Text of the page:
Christies Female Characters News


A selection of Christie’s celebrated women

2nd March 2018

Not only was Agatha Christie herself an incredible woman and perhaps unsurprisingly many of the female characters she created in her books were too. Between 1920 and the 1970s, Christie created an array of adventurous, independent and inspiring women, we’ve picked a few of our favourites… 

Miss Marple

A list of our favourite Christie characters just wouldn’t be complete without Miss Marple. In Miss Marple, Christie shows that looks can be deceiving. Many dismiss the elderly sleuth, but Marple’s unique method of detection leads her to solve crimes that baffle respected police investigators. An elderly spinster often overlooked and underestimated by society, resolving crimes that experts can’t. The ever humble Christie never expected any of her characters to become world famous but since the publication of The Murder at the Vicarage in 1930, Marple's first full-length novel, readers were hooked.

Tuppence Beresford

Tuppence Beresford was introduced in Agatha Christie’s second published novel, The Secret Adversary. Tuppence always appears alongside her ‘partner in crime’, Tommy, who becomes her fiancé by the end of their first book. They set up the ‘Young Adventurers Ltd,’ advertising their services in The Times with the advert, ‘Willing to do anything, go anywhere. Pay must be good. No unreasonable offer refused.’ Tuppence often leads the way with her impetuous, charismatic nature while Tommy’s slow, considered manner provides the perfect foil.

Anne Beddingfield

Christie channels her inner adventurer through a character from one of her early novels, The Man in the Brown Suit. Meet Anne Beddingfield, or as she calls herself, Anna the Adventuress. Rejecting a marriage proposal that offers her safety and comfort, Anne heads to London seeking adventure. Adventure immediately finds her and soon enough Anne becomes entangled in a web of intrigue which sees her head to South Africa in search of the truth.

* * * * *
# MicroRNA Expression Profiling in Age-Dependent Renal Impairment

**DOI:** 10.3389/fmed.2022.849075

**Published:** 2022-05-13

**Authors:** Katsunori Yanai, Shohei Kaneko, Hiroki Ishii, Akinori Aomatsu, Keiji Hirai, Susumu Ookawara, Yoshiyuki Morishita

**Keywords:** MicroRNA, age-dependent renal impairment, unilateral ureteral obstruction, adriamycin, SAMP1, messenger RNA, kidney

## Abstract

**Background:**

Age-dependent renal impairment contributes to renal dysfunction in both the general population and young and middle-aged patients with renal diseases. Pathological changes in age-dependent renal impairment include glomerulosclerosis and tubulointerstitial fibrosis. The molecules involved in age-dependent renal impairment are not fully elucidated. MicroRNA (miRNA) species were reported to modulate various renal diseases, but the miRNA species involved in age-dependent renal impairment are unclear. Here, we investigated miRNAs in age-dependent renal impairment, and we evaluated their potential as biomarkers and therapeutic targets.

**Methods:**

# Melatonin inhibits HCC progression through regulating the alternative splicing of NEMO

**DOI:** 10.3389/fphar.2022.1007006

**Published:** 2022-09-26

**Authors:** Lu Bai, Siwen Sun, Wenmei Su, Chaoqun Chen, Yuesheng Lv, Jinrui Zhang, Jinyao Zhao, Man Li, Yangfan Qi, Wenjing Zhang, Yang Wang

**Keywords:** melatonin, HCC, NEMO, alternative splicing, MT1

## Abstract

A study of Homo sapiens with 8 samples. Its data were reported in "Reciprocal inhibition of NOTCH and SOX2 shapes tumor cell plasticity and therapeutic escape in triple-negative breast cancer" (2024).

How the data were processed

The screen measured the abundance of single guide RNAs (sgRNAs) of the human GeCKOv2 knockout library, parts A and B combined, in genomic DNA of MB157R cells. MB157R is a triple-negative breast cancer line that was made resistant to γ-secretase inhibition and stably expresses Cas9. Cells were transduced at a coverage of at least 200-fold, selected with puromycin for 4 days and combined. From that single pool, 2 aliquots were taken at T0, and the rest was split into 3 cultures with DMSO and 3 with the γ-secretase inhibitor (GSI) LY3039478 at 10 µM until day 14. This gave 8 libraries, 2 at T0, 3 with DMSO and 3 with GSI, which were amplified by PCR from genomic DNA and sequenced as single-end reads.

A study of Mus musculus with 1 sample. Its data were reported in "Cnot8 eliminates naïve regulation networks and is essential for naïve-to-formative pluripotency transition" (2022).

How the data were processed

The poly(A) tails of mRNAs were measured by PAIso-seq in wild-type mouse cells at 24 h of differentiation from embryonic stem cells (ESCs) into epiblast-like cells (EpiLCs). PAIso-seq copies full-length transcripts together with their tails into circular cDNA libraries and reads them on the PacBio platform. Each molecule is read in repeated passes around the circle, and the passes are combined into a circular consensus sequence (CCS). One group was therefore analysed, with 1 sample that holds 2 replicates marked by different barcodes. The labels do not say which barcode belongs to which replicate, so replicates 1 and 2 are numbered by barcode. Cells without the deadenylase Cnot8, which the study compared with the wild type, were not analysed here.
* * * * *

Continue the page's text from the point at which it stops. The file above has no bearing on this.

Caroline Hubbard

Mrs Hubbard is the embodiment of the archetypal, loud American matriarch, who boards the Orient Express in Istanbul after visiting her daughter in Smyrna. Widowed and semi-independent, she is, rather unusually, travelling unaccompanied through Europe towards Paris. Her over-the-top personality and talkative nature keep the conversation with fellow passengers flowing, but her egocentricity causes annoyances on the journey.

Lucy Eylesbarrow

Lucy Eyelesbarrow is arguably the most modern and practical of all Christie’s female characters and stars in 4:50 from Paddington. Despite getting a First in Maths at Oxford University and facing a successful academic career, Lucy decided to pursue her fortune in an unexpectedly shrewd way. Spotting a potentially lucrative gap in the market for skilled domestic help, she set herself up as an indispensable addition to household management, and as a result was very much in demand and extremely well paid.

Lucy met Miss Marple when she helped her recover from pneumonia. Two years later, the elderly lady called upon Lucy to be her eyes and ears when she suspected a body had been thrown off a train. Naturally, efficient Lucy did what needed to be done, and amusingly received the romantic interest of multiple members of the opposite sex along the way.

Countess Vera Rossakoff

Vera Rossakoff is an indomitable Russian countess that sweeps into Hercule Poirot’s life for the first time during the investigation of a jewellery robbery in the short story, The Double Clue. Poirot openly admits his admiration and fondness for this flamboyant and imaginative master thief, whom he describes as “a woman in a thousand”.

The countess is an interesting creation of Christie’s, being deeply involved as she is in organised crime. She appears face to face with Poirot on a further three occasions, once initially under an alias, and is the closest he has to a regular adversary; an interesting juxtaposition for the Belgian detective, for she also happens to be the only woman to have captured his heart. Their third and final encounter sees Poirot come to her aid amidst her continued dealings with the criminal underworld.